Wednesday, May 25, 2011

Booking the Room

A few weeks ago, I auditioned but did not book a particular project. The email notifying me was very complimentary. I bumped into the producer at an industry event a couple days ago. Learned a couple things from our conversation:

  1. The email to me was the only one to go beyond the generic "not right" note.

  2. He was definitely going to be knocking at my door if he ever had a part which was right.

I felt as great about this as I would have had I actually gotten the role. Why would I feel as great about "booking the room" as I would about "booking the job"?

  • BTR means you made a good impression. They want to work with you in the future.

  • BTR means you gave an excellent read. One does not BTR on a slightly above average read.

  • BTR means if someone they know is looking to fill a role you would be right for, they might recommend you.

So, how did I book the room? Three words: Strong Character Choice. It was my interpretation of the character which impressed him.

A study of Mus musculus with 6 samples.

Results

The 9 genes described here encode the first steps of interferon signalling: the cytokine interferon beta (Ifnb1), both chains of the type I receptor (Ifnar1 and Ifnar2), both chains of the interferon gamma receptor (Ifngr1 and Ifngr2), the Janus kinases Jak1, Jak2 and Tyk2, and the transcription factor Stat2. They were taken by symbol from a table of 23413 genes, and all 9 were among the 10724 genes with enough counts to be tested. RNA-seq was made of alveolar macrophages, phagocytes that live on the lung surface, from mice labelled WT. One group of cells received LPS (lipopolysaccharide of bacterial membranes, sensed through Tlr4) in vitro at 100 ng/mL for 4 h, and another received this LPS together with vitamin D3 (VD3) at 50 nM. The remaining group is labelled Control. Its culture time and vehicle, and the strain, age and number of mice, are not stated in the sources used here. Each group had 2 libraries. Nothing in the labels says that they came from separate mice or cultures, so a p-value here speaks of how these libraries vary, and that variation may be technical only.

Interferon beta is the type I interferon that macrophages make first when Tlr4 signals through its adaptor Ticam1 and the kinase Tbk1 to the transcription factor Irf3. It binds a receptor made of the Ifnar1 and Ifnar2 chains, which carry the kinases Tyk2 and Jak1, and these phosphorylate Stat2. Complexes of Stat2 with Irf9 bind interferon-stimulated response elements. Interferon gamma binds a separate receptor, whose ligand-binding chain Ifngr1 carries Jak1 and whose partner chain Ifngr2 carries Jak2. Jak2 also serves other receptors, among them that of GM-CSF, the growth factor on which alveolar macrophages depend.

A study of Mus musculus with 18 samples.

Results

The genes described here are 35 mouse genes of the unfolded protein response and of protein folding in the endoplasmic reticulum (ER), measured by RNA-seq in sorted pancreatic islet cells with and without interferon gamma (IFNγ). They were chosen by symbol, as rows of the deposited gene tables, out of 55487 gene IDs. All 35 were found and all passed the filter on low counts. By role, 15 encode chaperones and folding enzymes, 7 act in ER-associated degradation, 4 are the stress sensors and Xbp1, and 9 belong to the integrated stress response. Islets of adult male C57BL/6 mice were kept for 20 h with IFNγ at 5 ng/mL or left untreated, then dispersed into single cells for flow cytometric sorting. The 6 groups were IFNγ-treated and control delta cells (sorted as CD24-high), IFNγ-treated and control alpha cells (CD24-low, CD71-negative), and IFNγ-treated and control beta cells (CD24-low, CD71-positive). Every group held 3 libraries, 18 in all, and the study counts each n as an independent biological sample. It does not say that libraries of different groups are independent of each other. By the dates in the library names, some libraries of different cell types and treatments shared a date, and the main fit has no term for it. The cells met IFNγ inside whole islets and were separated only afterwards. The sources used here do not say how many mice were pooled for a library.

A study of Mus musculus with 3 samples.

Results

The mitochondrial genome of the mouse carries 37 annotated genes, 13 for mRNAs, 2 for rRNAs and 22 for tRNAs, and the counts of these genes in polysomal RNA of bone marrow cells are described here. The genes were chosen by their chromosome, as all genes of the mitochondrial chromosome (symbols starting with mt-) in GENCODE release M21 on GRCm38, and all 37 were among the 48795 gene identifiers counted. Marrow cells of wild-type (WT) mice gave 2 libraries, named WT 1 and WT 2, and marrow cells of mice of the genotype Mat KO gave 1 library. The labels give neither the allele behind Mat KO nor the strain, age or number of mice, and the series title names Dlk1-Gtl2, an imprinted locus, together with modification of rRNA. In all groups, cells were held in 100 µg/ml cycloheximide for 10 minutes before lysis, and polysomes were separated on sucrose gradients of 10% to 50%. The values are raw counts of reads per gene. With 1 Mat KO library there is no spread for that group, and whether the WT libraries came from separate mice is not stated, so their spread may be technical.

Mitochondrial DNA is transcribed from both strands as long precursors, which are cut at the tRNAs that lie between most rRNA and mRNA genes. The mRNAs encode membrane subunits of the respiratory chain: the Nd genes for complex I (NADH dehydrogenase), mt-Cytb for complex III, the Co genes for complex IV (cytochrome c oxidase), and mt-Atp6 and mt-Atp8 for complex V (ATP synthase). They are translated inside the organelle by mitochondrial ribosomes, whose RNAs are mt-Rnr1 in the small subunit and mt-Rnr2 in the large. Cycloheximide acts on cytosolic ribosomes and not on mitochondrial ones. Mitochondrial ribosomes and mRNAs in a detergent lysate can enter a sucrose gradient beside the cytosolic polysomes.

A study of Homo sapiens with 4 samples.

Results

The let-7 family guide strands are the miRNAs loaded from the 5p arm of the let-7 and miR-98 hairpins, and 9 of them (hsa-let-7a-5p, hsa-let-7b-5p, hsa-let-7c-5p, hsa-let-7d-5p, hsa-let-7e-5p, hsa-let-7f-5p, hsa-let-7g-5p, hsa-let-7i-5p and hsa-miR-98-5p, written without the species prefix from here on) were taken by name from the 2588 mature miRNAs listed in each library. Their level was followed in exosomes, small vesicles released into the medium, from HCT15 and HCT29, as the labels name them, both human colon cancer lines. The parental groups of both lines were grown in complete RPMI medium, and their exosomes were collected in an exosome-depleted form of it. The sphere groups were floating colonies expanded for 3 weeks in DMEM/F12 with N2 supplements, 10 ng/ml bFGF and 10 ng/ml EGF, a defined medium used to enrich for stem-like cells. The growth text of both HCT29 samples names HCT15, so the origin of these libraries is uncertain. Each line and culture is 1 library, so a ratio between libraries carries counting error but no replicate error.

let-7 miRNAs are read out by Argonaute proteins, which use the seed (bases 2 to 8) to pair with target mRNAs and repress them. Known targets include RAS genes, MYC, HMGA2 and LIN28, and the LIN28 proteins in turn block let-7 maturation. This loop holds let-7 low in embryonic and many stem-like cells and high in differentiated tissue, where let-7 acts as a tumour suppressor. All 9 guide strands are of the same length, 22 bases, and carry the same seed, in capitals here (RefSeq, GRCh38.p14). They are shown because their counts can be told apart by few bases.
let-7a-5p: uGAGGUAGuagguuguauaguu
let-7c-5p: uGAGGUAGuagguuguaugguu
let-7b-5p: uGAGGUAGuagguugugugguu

How do you know you booked the room?

  • Booking the job is deceiving clue. You could have been choice number five. (Highly recommend thinking of yourself as the first choice. It's better for the ego.)

  • Not booking the job is a deceiving clue. You might have given the best read and still not be right for a particular role.

  • What is said in the audition room is a very bad clue. They are not going to say "That sucked. I wouldn't cast you to play yourself in a surveillance video. You'll be notified Tuesday if you got a callback." Even if that is what they are thinking.

  • Having them tell you in a neutral setting like my case is a very good clue. There was no reason he needed to bring up my audition at the industry event.

  • Getting called in for future reads is a very good clue. It means they think you have potential and are trying to find the right fit.

Booking the job is short term. Booking the room is long term. So, book the room.